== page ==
Beware of the changes sneaking in as “money streams” in the name of EFT standards. Virtual Credit Cards are being used in provider’s offices as payments from payers; clearinghouses are starting to offer this service as well.
Effective January 1, 2014, health plans were required to offer electronic funds transfer (EFT). While healthcare is shifting from paper to electronic, there are some things to keep in mind about your rights and what is taking place. What you are not being told is that some clearinghouses are also using this method as an EFT process. If payment is received with a Virtual Credit Card there will be a percentage based processing cost associated with the amount of funds issued as well as a processing fee. In the EFT rules, entities do have a choice to use ACH or other forms of payment. Be sure to research your options prior to signing up with your clearinghouse for electronic payments, ACH EFT’s would be more financially beneficial as they charge as little as .35 per transaction.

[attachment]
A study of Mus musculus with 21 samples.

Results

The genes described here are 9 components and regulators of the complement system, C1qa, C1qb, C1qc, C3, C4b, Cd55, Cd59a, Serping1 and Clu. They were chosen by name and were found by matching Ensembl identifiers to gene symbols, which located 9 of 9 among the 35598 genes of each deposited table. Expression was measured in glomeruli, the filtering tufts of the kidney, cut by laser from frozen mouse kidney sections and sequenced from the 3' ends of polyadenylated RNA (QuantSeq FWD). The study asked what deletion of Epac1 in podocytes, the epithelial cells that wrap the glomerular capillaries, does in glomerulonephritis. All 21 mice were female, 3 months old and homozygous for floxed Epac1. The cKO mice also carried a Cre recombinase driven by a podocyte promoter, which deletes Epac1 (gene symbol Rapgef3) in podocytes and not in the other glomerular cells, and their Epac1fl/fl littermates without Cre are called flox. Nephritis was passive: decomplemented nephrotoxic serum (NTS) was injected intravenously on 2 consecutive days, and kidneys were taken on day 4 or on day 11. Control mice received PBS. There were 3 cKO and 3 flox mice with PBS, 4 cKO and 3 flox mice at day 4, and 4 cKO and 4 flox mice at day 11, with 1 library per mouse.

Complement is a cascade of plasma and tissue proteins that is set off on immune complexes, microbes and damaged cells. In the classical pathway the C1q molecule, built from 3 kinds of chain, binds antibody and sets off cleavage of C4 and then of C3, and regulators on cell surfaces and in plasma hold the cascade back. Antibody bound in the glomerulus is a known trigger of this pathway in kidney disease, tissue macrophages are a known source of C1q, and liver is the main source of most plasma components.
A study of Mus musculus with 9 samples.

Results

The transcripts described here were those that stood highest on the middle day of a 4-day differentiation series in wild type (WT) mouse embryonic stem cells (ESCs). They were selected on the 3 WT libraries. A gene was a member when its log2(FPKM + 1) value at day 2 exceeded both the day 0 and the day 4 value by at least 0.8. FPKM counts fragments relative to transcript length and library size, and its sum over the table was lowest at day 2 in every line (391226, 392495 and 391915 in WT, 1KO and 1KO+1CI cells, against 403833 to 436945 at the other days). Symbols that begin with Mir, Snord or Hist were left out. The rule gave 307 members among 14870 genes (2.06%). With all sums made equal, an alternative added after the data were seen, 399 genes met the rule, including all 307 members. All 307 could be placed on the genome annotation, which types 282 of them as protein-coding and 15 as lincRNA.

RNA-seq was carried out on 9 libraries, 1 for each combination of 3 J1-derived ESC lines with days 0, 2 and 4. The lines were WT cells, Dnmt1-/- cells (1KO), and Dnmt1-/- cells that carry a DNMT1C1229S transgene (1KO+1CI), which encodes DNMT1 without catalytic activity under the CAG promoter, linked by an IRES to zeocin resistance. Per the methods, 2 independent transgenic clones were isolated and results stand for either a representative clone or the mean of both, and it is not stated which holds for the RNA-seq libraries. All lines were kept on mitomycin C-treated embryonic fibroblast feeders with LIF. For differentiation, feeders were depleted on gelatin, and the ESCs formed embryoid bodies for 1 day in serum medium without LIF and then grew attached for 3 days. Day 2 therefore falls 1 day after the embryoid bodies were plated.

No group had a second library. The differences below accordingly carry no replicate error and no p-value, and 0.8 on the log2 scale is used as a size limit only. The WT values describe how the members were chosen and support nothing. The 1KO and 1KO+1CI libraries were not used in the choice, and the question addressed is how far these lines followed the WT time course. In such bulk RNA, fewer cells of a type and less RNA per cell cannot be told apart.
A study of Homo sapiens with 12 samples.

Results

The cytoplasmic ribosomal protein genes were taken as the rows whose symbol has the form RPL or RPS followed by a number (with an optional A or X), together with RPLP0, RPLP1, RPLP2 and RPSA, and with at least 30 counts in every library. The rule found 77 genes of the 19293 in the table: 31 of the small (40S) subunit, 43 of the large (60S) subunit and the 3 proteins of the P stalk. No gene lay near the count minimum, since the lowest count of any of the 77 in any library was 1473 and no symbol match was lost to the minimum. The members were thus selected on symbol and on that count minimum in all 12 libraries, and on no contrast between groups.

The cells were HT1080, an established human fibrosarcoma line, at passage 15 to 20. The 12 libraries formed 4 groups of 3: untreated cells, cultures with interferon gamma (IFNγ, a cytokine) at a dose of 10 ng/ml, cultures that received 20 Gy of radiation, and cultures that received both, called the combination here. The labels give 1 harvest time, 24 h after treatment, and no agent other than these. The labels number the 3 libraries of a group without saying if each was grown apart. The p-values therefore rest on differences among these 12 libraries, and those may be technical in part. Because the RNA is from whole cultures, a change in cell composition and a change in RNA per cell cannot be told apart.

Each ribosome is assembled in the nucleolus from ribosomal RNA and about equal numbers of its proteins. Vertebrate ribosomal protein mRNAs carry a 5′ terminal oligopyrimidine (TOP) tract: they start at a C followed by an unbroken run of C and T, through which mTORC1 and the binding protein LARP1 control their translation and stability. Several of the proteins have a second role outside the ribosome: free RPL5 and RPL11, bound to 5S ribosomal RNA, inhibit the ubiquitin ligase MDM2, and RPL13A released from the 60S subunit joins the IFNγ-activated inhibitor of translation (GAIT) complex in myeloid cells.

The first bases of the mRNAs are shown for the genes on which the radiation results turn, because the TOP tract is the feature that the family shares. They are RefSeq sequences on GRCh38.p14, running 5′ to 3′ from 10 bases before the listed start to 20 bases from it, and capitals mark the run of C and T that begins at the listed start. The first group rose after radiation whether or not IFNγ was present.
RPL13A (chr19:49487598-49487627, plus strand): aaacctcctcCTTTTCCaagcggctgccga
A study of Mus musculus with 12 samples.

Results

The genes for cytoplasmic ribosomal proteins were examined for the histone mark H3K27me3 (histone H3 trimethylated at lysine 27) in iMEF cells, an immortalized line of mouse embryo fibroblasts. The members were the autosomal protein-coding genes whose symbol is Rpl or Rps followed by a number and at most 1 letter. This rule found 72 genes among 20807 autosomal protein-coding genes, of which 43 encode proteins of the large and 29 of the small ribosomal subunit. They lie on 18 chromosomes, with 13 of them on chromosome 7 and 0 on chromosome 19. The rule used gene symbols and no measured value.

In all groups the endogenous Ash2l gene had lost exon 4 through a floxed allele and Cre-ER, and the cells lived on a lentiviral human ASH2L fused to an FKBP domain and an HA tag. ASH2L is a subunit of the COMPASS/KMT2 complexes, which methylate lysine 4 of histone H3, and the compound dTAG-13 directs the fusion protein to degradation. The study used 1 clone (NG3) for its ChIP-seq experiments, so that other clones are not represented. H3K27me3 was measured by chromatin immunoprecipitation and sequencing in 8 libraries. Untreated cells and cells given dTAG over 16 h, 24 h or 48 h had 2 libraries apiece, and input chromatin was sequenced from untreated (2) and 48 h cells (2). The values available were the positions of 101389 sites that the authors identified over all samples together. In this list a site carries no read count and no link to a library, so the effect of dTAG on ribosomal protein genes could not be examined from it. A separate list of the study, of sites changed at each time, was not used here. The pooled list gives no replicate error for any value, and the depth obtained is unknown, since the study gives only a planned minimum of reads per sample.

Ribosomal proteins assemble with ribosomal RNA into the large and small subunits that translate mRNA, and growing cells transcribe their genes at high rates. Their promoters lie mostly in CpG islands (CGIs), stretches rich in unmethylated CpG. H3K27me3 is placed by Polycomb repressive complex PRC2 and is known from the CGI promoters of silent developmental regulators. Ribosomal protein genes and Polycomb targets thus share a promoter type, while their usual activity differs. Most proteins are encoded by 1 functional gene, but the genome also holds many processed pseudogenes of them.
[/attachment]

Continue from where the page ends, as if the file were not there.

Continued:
Providers are going to notice these unnecessary fees attributed to electronic funds transfer (EFT) payments with fees as high as 5%. This small percentage will not be too bad if associated with a co-pay or small deductible but the larger the amount of money, the more fees will be charged. We also need a clear definition of what constitutes “excessive fees” for EFT transactions under the EFT standards.
MGMA (Medical Group Management Association) believes certain health plans and clearinghouses are not complying with the true intent of EFT standards and operating rules as set by the Affordable Care Act, and are taking unfair advantage of practices. MGMA has appealed to CMA and urges a release on additional guidance on this issue. For more information on the letter to CMS read here: MGMA
As with any contract, be sure of what you are signing with Clearinghouse contracts.